Article thumbnail
Location of Repository

Natural Selection and the Distribution of Identity-by-Descent in the Human Genome

By Anders Albrechtsen, Ida Moltke and Rasmus Nielsen


There has recently been considerable interest in detecting natural selection in the human genome. Selection will usually tend to increase identity-by-descent (IBD) among individuals in a population, and many methods for detecting recent and ongoing positive selection indirectly take advantage of this. In this article we show that excess IBD sharing is a general property of natural selection and we show that this fact makes it possible to detect several types of selection including a type that is otherwise difficult to detect: selection acting on standing genetic variation. Motivated by this, we use a recently developed method for identifying IBD sharing among individuals from genome-wide data to scan populations from the new HapMap phase 3 project for regions with excess IBD sharing in order to identify regions in the human genome that have been under strong, very recent selection. The HLA region is by far the region showing the most extreme signal, suggesting that much of the strong recent selection acting on the human genome has been immune related and acting on HLA loci. As equilibrium overdominance does not tend to increase IBD, we argue that this type of selection cannot explain our observations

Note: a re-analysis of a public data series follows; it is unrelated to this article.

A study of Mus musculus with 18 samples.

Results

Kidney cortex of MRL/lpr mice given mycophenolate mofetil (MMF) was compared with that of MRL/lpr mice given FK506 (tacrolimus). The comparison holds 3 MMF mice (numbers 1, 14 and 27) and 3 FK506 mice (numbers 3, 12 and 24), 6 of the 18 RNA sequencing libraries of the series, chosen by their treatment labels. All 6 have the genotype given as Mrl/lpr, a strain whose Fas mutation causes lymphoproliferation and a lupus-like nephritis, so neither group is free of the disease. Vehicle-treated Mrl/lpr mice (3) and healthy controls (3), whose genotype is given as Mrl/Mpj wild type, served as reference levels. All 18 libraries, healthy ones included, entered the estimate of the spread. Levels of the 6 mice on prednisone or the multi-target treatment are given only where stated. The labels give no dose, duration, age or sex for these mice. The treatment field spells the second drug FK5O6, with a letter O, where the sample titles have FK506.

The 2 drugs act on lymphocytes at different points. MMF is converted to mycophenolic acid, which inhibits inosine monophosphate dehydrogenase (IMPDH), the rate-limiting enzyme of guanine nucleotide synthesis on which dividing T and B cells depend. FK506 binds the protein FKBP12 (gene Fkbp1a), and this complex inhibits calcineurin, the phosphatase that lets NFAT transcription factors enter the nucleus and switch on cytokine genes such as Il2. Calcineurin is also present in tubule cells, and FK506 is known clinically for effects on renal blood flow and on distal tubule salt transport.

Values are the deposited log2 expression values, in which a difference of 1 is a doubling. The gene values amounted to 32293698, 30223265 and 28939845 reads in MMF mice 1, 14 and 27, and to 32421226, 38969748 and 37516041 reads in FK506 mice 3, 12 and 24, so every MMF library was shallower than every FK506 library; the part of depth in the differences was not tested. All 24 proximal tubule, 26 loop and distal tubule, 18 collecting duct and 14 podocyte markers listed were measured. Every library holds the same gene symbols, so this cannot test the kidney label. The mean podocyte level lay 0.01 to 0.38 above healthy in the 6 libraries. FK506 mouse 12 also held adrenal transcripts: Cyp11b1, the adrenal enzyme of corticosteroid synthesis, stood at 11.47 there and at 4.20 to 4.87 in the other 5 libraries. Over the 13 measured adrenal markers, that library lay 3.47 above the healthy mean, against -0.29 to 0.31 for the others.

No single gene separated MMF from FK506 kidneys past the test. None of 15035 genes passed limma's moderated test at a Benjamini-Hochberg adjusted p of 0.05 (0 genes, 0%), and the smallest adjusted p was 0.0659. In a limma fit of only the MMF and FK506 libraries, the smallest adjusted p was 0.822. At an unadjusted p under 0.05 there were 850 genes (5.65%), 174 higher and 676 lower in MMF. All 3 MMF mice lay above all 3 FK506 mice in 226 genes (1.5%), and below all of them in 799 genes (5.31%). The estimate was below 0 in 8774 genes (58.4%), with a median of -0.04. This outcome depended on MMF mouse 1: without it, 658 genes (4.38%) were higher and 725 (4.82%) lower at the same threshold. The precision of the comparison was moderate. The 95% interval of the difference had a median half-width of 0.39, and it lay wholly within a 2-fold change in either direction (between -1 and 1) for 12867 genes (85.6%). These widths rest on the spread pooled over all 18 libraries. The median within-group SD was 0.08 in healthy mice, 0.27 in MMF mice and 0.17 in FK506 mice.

Topics: Investigations
Publisher: Genetics Society of America
OAI identifier:
Provided by: PubMed Central
Download PDF:
Sorry, we are unable to provide the full text but you may find it at the following location(s):
  • http://www.pubmedcentral.nih.g... (external link)
  • Suggested articles

    To submit an update or takedown request for this paper, please submit an Update/Correction/Removal Request.